HAMPSHIRE County Council is set to appoint its new chief executive at a meeting next Thursday.

As previously reported by The Gazette, outgoing chief executive, Andrew Smith, announced his retirement from Hampshire County Council in May following eight years in the post and over 25 years at the local authority.

Following national competition for the role, an 11-strong cross-party Member Appointment Panel, which met last Friday, is recommending the county council’s current deputy chief executive and director of children’s services, John Coughlan, for the role.

Prior to becoming the local authority’s deputy chief executive in 2009, Mr Coughlan was corporate director of social care at Telford and Wrekin Council and assistant director for children and families in Dudley.

In 2008, Mr Coughlan was urgently appointed as the interim director of children’s services in the London borough of Haringey to bring stability to the authority in the aftermath of the ‘Baby P’ child protection crisis.

He became the last president of the Association of Directors of Social Services in 2006, before becoming the founding joint presidents of the Association of Director’s of Children’s Services (ADCS) in 2007. He still remains on the board of directors of ADCS.

In 2009, Mr Coughlan was awarded a CBE in the New Years honours list in recognition of his work in children’s services.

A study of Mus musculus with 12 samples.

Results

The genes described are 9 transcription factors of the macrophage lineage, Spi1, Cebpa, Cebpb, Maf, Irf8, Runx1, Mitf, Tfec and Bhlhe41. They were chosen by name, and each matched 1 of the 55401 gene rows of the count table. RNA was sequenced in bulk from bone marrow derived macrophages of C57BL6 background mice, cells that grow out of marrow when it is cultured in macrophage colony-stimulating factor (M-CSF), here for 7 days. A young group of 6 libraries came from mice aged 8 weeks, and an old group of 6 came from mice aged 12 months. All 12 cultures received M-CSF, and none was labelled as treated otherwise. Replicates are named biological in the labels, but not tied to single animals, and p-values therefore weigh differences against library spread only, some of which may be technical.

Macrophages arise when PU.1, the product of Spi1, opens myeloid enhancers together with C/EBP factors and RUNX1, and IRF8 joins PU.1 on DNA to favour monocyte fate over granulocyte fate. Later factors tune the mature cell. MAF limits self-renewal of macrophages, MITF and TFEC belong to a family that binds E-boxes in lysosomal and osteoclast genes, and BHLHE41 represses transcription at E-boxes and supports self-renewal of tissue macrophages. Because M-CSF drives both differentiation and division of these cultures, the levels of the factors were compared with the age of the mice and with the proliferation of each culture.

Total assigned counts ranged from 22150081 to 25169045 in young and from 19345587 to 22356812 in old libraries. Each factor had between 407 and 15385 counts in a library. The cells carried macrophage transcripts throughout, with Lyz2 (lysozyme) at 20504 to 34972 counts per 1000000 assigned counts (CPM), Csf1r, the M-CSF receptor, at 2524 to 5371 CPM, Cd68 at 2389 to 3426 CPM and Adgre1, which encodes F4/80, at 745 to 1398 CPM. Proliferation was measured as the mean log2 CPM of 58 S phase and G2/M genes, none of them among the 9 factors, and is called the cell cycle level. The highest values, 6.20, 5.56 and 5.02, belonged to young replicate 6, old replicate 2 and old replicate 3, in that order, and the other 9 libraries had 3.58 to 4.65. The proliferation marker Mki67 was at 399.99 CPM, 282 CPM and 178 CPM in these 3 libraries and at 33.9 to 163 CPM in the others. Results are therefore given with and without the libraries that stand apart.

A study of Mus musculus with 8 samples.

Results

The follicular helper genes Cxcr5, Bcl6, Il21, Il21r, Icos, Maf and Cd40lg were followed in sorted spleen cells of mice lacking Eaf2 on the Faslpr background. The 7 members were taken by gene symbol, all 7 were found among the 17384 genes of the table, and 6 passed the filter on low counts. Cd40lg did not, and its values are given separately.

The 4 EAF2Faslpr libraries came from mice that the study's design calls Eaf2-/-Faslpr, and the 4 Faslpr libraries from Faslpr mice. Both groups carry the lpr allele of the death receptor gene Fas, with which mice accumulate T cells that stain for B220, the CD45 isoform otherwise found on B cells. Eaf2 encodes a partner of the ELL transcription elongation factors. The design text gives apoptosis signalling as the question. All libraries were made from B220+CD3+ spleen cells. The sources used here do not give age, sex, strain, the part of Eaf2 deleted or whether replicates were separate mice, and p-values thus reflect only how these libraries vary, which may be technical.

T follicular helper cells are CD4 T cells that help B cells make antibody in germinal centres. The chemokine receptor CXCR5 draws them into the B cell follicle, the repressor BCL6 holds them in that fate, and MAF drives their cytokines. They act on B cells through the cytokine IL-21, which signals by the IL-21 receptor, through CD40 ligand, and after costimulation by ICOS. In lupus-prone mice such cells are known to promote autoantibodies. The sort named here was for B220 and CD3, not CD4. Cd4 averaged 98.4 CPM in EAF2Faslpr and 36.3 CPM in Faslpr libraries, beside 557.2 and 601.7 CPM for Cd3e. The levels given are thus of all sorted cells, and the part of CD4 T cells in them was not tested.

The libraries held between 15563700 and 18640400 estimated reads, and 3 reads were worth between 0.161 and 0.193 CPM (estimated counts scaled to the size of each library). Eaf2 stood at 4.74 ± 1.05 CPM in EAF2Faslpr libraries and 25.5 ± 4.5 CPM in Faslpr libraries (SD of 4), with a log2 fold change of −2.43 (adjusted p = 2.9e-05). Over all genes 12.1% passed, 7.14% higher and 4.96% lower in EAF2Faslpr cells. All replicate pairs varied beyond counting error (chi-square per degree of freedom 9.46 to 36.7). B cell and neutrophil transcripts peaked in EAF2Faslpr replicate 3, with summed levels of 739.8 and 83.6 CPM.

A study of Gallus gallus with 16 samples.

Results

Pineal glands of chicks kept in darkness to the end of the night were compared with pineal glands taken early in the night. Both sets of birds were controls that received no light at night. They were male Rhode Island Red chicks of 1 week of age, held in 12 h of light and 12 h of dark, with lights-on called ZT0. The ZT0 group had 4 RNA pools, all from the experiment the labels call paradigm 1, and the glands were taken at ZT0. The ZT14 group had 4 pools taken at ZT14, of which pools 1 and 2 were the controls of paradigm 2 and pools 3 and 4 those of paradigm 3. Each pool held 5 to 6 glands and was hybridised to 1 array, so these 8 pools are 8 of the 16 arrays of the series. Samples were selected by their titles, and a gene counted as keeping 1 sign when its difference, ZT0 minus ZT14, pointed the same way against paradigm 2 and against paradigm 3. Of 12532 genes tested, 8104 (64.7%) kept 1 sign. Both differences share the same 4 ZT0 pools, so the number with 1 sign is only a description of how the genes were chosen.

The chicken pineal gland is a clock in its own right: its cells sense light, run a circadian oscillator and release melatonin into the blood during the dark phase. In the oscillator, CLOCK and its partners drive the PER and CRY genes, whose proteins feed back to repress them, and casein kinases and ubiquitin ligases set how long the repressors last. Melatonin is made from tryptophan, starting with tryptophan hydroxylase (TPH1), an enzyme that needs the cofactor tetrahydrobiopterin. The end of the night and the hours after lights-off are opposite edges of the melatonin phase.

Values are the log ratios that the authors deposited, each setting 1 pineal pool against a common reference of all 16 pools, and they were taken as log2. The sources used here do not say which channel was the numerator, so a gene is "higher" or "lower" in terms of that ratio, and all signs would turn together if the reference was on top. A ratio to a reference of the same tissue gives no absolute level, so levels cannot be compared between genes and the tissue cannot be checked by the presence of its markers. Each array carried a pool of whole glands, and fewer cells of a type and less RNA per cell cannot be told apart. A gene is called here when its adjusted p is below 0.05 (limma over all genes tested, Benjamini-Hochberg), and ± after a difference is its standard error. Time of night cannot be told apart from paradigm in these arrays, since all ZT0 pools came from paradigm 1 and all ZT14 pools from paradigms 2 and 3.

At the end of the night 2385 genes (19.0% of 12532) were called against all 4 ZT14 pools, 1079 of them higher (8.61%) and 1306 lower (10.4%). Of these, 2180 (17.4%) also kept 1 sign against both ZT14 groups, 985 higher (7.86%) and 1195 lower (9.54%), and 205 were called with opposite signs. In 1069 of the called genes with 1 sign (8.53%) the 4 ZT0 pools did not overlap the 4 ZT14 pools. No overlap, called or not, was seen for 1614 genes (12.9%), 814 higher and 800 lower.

A final decision on his appointment will be made by all 78 councillors at a full council meeting next Thursday.

Council leader, Councillor Roy Perry, said: “John Coughlan’s experience, knowledge of the county council and abilities shone through during the appointment process.

“We believe we have found an inspirational and visionary leader who will lead the authority as it continues this journey of transformation and modernisation.

“The Appointment Panel is delighted to be recommending John Coughlan, to the full county council, for the position of chief executive – and I’m indebted to the members of all parties who have helped in this process.”

Cllr Perry added: “The people of Hampshire rightly expect a high quality service from the county council, which requires us to ensure that we are continually pushing boundaries with innovative and efficient methods of working. To do this we need the best people working for us.

“The challenges faced in public services, between now and end of the decade also mean that it is essential that we have a strong successor to take forward the county council’s ambition to be a modern business providing public services.”